Or more precisely, it was the South Korean equivalent of the popular autumn holiday.

Chuseok, which literally means "Autumn Eve," is a three-day festival that is celebrated on the 15th day of the eighth month of the lunar calendar on the full moon. This year, it was held Sept 12-14.

"Chuseok is a holiday with lots of food and family," said Gray Lee, one of the South Korean nursing, physical therapy and medical records students participating in WITCC's four-month Global Workplace Program. "It's a big deal."

That's why Lee and his classmates prepared a short presentation discussing the history of the holiday at the college's media center Friday afternoon. In addition to the program, there was a small lunch that included rice cakes and Korean Galbi (barbecue) short ribs.

Nursing student Casey Jeong said Chuseok is a great time to remember family members, both living and deceased. Physical therapy student Hannah Yu also likes to spend the holiday with friends.

However, this year, she's nearly 6,500 miles away from home.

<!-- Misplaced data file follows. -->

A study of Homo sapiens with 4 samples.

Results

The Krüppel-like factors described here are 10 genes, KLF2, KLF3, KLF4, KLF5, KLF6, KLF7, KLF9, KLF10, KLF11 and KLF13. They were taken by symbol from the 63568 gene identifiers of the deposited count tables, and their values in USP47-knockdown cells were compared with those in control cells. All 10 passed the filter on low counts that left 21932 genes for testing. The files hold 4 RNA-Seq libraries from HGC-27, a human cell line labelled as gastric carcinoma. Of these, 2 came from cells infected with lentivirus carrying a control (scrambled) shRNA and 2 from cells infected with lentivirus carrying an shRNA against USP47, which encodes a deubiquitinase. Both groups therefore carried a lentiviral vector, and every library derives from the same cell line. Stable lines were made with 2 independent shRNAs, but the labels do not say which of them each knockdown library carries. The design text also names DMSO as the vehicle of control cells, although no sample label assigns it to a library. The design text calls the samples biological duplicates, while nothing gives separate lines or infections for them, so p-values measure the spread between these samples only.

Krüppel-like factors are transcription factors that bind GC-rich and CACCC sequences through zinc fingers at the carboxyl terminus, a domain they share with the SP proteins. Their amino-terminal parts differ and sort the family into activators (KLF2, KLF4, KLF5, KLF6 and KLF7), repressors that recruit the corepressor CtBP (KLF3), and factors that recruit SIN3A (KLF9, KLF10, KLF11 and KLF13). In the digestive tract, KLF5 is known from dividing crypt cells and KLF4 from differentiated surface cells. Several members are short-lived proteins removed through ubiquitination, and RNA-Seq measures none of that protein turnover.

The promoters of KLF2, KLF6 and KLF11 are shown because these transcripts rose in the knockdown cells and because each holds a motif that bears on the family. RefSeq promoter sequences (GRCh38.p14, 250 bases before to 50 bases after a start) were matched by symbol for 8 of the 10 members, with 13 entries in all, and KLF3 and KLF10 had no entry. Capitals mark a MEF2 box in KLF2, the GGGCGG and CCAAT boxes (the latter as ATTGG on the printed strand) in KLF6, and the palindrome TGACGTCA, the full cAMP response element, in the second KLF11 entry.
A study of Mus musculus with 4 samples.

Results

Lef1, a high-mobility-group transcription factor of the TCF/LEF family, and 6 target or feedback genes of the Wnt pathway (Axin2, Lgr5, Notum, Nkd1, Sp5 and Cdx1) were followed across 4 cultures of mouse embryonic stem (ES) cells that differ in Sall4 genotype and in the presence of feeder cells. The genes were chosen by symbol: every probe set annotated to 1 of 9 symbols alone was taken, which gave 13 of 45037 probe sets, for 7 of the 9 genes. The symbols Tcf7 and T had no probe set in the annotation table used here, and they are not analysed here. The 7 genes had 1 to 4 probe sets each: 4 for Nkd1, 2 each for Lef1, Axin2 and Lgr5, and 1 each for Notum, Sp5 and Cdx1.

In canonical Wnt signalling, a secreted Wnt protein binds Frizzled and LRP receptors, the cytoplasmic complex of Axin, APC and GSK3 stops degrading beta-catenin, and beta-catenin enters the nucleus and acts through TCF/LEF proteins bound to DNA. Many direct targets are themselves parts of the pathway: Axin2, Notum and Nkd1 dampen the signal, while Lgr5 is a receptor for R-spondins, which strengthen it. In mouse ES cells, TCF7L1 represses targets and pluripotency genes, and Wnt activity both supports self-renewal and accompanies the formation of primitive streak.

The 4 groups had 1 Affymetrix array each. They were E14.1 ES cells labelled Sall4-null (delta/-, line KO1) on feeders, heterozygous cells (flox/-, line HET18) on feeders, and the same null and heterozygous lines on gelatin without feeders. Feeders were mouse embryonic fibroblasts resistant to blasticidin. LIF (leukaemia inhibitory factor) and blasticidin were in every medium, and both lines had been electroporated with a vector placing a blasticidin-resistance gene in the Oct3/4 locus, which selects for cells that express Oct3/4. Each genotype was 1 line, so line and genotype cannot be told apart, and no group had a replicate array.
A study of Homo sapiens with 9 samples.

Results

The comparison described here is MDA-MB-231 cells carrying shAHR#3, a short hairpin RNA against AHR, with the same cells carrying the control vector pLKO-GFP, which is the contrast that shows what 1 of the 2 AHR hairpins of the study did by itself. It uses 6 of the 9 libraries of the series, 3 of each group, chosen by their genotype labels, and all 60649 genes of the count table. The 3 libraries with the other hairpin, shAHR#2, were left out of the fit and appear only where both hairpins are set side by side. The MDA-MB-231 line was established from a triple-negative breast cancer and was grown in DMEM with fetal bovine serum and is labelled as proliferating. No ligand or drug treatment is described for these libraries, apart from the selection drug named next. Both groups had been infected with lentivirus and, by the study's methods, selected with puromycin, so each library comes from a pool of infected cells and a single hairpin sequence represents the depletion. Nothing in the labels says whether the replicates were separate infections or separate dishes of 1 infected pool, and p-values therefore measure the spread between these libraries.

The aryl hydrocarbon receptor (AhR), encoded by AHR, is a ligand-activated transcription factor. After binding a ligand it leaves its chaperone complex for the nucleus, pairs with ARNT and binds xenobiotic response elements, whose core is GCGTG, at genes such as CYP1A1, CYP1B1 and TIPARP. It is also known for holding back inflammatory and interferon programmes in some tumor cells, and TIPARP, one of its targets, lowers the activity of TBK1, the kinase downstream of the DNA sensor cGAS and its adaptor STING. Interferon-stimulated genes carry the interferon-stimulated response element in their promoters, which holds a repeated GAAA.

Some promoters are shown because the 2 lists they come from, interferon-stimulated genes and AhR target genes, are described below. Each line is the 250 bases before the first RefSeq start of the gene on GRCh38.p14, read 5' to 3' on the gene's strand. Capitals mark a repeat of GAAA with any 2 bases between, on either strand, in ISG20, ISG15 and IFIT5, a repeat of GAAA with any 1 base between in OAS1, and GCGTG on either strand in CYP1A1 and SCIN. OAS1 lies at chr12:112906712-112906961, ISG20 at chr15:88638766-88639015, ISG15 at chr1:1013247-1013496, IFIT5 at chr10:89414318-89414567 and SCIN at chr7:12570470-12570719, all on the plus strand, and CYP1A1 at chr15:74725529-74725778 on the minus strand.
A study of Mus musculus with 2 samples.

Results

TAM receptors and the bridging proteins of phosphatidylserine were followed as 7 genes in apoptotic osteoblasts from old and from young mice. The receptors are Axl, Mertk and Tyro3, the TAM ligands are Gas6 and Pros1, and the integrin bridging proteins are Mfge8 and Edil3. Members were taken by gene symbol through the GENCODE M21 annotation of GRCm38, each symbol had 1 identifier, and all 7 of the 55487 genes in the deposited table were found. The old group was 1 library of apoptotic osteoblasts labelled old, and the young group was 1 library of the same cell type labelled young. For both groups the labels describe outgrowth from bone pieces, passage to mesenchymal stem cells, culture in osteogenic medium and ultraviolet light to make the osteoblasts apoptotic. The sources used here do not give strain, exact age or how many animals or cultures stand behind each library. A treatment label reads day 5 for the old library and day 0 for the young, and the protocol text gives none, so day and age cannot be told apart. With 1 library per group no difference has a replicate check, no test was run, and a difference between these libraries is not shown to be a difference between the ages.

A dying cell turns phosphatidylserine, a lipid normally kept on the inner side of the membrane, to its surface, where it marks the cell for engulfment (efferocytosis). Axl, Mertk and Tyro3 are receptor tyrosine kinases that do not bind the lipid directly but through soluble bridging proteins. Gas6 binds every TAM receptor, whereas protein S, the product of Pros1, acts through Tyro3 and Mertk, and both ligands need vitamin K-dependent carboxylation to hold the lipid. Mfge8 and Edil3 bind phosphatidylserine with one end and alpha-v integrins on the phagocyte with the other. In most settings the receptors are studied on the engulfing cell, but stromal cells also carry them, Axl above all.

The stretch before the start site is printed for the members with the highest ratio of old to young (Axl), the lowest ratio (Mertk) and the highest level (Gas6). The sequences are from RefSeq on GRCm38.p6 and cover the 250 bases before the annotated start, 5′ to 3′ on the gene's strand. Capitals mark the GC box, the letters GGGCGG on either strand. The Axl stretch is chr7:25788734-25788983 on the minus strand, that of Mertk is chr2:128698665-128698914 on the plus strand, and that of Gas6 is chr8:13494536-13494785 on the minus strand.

Juline Albert, WITCC's vice president of learning, said celebrating Chuseok allows South Korean students to hold onto traditions while sharing their culture with the entire school.

That certainly made Allie Chinn happy.

A WITCC general education student from Sioux City, Chinn first became interested in Korean culture through love of K-Pop, a genre of popular music that originated in South Korea.

"Once I got beyond K-Pop, I began learning the language and history of Korea," she said. "I was able to visit Korea and even taught a class. I'd love to live there someday."


Nursing student Ellen Kim said many of her American friends only know about Korea through K-Pop groups like BTS or through dishes like bulgogi (stir-fry beef) or kimchi (fermented cabbage).

Still, she is just beginning to learn about America.

"(Sioux City) seems different because nothing is close by," Kim said. "There are no trains and buses don't run very often."

Kim's nursing classmate Charlotte Lee nodded her head in agreement.

"If you don't have a car, you end up walking a lot," she said.

For Gray Lee (no relation to Charlotte), the biggest difference between America and South Korea is the weather.

"As soon as I arrived in Sioux City, the weather cooled off," he said. "I've had a cold ever since."

Despite that, all of the South Korean students were pleased to share the holiday of Chuseok with their classmates.

"We get to share our culture while American students share their culture with us," said Lee.